TIMES STAFF WRITER

State Farm Insurance, the nation’s largest automobile insurer with 36.8 million vehicles under its coverage, is adamant that when it pays to repair a wrecked car, then there exists no further claim of property damage.

It sounds pretty straightforward, but under the surface of that statement looms a nascent battle between the insurance industry on one side and trial attorneys, advocacy groups and consumers on the other.

The issue involves whether millions of motorists are being shortchanged by the insurance industry because, even after a car is repaired, its resale value is reduced simply because it was in a crash. The buzzwords of this dispute are “diminished value,” and the question is whether insurers should have to cover this type of loss in an accident.

Bernard Brown, a Kansas City, Mo., attorney with expertise in title, odometer and insurance fraud, believes that consumer losses could reach into the hundreds of millions each year. He cites estimates by the National Safety Council that nearly 19 million vehicles are involved in reportable wrecks every year.


“Insurers are petrified by the prospects here,” Brown said. “You are entitled to be made whole. If they only repair a car, then you are not made whole.”



Meanwhile, insurers have warned that if trial attorneys and consumer groups open the floodgates on litigation over diminished-value claims, and such claims are eventually upheld in the courts, insurance rates are bound to go up.

“We believe that if a car is repaired properly, there is no diminished value simply because the car has been in a crash,” said Dave Hurst, a spokesman for State Farm in Bloomington, Ill. “If it is restored to the condition that it was in before the crash, there is no diminished value.”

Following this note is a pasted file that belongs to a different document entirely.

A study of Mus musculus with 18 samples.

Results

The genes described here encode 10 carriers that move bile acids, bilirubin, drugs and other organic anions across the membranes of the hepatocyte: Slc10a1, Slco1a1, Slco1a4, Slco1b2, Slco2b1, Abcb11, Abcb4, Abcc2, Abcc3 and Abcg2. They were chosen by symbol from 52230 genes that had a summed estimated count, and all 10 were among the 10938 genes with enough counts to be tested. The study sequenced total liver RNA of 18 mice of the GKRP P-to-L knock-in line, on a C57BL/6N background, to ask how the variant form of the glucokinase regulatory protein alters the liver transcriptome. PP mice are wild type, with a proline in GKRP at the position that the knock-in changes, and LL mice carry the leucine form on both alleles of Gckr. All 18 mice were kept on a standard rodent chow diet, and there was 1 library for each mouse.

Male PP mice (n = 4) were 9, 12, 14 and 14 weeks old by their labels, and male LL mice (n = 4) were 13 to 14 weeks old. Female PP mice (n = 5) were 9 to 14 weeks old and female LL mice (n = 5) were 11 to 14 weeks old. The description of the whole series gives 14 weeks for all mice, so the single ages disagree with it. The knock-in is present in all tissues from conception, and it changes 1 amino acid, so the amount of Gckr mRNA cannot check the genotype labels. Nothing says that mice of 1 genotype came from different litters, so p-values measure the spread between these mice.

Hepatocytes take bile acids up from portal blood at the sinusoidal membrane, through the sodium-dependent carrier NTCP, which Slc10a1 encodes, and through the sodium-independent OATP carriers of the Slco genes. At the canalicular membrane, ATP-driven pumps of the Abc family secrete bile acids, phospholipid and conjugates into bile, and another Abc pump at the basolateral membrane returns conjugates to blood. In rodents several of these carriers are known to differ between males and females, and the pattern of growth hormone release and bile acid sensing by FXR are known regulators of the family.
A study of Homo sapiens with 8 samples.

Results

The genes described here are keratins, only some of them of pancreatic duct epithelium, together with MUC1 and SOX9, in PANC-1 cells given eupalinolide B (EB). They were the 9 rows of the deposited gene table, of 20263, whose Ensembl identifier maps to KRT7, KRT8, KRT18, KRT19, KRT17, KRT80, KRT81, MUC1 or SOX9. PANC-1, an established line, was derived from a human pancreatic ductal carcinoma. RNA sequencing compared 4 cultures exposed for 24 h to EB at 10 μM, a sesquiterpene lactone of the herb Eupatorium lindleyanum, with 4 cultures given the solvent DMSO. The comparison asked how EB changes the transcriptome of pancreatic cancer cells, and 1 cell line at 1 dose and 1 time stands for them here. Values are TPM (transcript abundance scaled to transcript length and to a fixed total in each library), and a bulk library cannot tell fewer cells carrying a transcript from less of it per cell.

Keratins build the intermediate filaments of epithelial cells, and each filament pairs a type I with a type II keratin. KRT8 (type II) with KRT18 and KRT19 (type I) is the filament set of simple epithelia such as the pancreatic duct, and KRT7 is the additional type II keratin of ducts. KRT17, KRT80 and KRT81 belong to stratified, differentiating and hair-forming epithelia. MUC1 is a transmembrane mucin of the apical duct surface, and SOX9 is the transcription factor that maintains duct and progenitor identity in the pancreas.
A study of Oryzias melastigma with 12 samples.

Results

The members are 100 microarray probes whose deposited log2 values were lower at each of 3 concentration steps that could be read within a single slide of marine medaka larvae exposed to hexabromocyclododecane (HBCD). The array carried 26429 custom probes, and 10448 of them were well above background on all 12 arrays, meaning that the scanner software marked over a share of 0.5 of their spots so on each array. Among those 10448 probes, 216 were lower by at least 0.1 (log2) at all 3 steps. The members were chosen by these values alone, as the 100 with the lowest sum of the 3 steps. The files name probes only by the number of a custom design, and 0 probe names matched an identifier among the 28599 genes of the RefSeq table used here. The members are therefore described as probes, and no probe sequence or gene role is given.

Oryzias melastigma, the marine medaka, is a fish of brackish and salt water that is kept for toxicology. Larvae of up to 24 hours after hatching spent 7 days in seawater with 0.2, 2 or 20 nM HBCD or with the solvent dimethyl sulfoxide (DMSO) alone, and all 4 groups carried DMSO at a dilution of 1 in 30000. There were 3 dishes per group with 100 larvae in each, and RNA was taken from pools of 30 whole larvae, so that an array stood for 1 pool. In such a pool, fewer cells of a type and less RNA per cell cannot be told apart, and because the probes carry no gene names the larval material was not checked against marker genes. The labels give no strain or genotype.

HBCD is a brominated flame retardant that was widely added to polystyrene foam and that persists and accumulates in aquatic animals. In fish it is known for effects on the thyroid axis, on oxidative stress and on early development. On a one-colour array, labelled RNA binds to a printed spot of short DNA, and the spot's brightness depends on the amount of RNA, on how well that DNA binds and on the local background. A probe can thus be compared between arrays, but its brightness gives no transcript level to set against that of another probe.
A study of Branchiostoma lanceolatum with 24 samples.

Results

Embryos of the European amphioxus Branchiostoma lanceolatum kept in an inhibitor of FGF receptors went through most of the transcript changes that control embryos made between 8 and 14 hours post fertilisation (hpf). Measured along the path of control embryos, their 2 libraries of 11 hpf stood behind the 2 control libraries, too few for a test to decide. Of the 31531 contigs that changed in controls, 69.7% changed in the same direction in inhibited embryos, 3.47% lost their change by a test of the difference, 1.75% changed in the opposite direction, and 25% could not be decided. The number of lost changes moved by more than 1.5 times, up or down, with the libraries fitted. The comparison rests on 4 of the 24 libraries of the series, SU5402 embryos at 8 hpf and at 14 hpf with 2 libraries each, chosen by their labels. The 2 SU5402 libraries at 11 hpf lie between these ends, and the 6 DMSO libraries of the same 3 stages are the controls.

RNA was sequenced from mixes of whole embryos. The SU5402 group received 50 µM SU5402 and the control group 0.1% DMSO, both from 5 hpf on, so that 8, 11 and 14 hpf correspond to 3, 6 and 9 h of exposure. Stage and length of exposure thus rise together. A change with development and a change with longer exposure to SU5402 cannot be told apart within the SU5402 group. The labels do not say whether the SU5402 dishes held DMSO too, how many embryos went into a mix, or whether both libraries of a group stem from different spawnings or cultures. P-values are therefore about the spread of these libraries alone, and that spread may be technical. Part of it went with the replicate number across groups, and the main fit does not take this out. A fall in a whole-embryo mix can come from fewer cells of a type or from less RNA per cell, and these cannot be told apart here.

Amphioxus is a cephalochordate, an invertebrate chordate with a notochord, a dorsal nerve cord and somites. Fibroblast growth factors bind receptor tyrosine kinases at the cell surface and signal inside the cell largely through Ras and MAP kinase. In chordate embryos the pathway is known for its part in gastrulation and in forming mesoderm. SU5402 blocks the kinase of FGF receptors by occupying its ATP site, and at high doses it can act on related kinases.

That may be logical in most cases, but used-car buyers often are not logical. Given the choice between two identical used cars, except for the fact that one was in a major crash, it’s a safe bet that most buyers would choose the car that was accident-free.


Other experts caution that in many cases diminished value will be difficult to prove and that, at least in some cases, a wreck and subsequent repair may actually increase the resale value of a car.

Automotive Collision Consultants, a Long Beach company that conducts accident investigations, notes that accident repairs can sometimes increase the value of a car. If an older car is in a moderate accident, then a new paint job, radiator, battery or tires can raise its resale value.

But the opposite is true for a brand-new luxury car involved in a serious crash. Moreover, a new car has to have a huge amount of damage to be considered totaled by an insurance company in the first place.


But the record of the auto body industry’s ability to repair such cars is spotty at best. In too many cases, auto body shops lack the expertise and equipment to adequately realign unibodies that are badly damaged, according to experts at Automotive Collision Consultants.

And even if a car is fixed to the best possible standards, that doesn’t solve the problem of diminished value.


Ralph Vartabedian can be reached via e-mail at ralph.vartabedian@latimes.com.